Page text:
Mortgage Insurance: What’s the Difference Between MIP and PMI?

If you take out a home loan, will you have to pay for mortgage insurance?

That depends on how you decide to finance your Utah home purchase and on the amount of your down payment. The less you put down, the greater the risk for the lender – and that’s where mortgage insurance comes in. MIP and PMI provide protection to lenders in the event of default, but neither applies to all types of home loans. MIP is a requirement with FHA loans, and conventional loan borrowers often have to pay for PMI. Read on to learn more.

mortgage insurance Utah

What is MIP?

A mortgage insurance premium (MIP) is applied to home loans that are backed by the Federal Housing Administration.

Everyone who takes out an FHA loan, regardless of their down payment size, is required to pay both an upfront and an annual MIP. The upfront fee, referred to as UFMIP, totals 1.75 percent of the loan amount and can be paid at closing or rolled into the mortgage. The overall cost of annual MIP is between 0.15 and 0.75 percent of the total, but a portion is covered in each monthly home loan payment.

What is PMI?

Private mortgage insurance (PMI), provided by privately owned companies, is required with some conventional loans.

Most lenders require PMI when a borrower makes a down payment of less than 20 percent of the purchase price of a Utah home. The monthly cost depends on the term of the home loan, whether the borrower opts for fixed-rate or adjustable-rate financing, the amount of insurance coverage required by the lender and a number of other factors. On average, home buyers pay 1.25 percent of the loan total, but the amount can vary.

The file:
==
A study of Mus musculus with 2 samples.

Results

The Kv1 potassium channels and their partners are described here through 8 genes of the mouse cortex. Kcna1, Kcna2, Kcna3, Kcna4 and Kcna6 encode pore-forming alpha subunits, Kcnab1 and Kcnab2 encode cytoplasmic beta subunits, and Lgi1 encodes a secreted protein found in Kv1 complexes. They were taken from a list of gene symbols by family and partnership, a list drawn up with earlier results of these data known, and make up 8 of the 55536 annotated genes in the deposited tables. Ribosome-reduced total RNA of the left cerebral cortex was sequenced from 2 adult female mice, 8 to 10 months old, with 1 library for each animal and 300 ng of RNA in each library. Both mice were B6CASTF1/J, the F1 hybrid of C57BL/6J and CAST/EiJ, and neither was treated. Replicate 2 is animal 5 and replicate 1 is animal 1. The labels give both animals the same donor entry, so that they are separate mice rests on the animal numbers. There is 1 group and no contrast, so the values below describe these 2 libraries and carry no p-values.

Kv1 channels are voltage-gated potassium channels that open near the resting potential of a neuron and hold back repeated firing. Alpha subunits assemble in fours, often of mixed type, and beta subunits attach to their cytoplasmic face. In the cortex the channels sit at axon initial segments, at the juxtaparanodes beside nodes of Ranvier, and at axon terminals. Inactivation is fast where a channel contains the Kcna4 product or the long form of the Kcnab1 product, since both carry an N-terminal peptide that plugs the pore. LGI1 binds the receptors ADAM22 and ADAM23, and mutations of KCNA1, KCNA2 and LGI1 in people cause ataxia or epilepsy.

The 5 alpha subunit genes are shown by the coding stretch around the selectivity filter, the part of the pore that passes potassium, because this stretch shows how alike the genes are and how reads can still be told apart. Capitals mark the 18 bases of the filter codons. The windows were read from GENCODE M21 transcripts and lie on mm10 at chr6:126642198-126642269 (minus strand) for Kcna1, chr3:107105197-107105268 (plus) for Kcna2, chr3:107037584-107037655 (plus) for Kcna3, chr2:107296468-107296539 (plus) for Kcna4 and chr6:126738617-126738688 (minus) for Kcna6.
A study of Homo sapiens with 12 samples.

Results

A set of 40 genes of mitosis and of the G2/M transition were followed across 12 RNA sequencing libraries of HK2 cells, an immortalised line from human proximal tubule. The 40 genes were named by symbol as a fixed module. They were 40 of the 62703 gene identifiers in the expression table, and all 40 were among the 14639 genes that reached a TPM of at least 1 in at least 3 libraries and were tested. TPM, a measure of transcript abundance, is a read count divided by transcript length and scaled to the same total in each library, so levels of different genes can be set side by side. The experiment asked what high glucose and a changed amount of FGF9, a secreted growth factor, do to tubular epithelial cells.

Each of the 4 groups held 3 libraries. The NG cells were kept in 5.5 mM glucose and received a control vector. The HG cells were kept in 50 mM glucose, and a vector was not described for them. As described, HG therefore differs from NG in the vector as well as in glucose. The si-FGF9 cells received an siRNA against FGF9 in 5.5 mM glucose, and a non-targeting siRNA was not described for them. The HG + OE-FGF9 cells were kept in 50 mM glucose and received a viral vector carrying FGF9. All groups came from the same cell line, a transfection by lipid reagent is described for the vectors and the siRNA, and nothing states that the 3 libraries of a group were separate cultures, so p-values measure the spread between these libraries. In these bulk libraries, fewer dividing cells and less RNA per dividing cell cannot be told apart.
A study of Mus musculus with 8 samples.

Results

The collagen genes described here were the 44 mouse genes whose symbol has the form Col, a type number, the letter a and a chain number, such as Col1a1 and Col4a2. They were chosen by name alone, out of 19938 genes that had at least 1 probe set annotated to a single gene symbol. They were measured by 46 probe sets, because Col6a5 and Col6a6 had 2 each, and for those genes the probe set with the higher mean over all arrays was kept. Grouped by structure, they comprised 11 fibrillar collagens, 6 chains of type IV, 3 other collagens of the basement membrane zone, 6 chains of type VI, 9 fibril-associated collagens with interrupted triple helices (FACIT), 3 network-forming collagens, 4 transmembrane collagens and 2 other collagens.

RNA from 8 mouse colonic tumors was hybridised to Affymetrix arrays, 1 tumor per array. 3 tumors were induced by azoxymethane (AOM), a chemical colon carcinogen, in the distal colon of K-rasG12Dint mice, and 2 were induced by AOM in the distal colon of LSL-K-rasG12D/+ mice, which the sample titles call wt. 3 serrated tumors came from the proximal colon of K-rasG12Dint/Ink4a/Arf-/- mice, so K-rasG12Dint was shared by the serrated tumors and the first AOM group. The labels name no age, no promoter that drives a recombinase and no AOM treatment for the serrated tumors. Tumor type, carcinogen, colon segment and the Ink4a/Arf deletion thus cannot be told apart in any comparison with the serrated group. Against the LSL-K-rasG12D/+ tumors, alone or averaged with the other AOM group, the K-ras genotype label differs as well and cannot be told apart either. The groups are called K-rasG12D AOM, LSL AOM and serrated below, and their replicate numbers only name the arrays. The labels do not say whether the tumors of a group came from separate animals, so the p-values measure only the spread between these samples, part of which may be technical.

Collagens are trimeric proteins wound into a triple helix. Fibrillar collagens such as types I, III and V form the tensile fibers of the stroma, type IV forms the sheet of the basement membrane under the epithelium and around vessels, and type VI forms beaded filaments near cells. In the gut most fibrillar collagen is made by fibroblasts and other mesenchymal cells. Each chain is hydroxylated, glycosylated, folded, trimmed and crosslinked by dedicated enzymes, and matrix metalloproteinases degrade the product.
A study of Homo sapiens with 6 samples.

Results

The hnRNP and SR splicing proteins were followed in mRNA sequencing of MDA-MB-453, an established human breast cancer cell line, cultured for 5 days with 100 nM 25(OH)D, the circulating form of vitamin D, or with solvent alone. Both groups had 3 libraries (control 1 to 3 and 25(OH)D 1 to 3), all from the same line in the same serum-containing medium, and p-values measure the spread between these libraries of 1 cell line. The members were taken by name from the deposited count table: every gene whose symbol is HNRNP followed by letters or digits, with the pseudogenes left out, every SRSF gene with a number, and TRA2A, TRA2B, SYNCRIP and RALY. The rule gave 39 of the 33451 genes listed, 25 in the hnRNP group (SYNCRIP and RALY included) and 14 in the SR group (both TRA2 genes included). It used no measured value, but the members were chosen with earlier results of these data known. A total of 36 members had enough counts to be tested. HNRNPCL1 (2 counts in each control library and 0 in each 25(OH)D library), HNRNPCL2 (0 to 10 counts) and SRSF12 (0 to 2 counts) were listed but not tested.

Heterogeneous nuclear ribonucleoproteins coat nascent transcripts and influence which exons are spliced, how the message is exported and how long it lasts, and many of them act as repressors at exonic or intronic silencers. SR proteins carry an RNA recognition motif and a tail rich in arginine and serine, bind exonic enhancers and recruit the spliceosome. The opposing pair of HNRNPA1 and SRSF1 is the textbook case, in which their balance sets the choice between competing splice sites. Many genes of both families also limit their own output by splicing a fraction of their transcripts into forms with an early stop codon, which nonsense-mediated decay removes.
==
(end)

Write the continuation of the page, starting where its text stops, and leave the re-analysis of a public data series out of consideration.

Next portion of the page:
Main Differences Between MIP and PMI

As we already mentioned, the primary difference between MIP and PMI is that MIP is mortgage insurance for FHA loans, while PMI applies to conventional financing. We discussed, too, how the costs differ – but there are a couple of other dissimilarities:

Ability to Avoid – With a conventional loan, a down payment of 20 percent or more keeps a borrower from paying PMI. With FHA financing, MIP is required no matter the amount put down on a Utah home.

Ability to Cancel – After reaching 20 percent in equity, a conventional loan borrower can request that PMI be canceled. With an FHA loan, annual MIP is required for 11 years with a down payment of 10 percent or more. Putting less down means paying MIP for the life of the loan.

Explore Your Home Loan Options

Is paying MIP or PMI the better choice? Actually, the right question to ask is what type of financing makes the most sense for you – and the mortgage professionals at Intercap Lending can help you find the answer.

For more information on mortgage insurance, FHA loans, conventional home loans and other financing solutions for Utah home buyers, contact us today.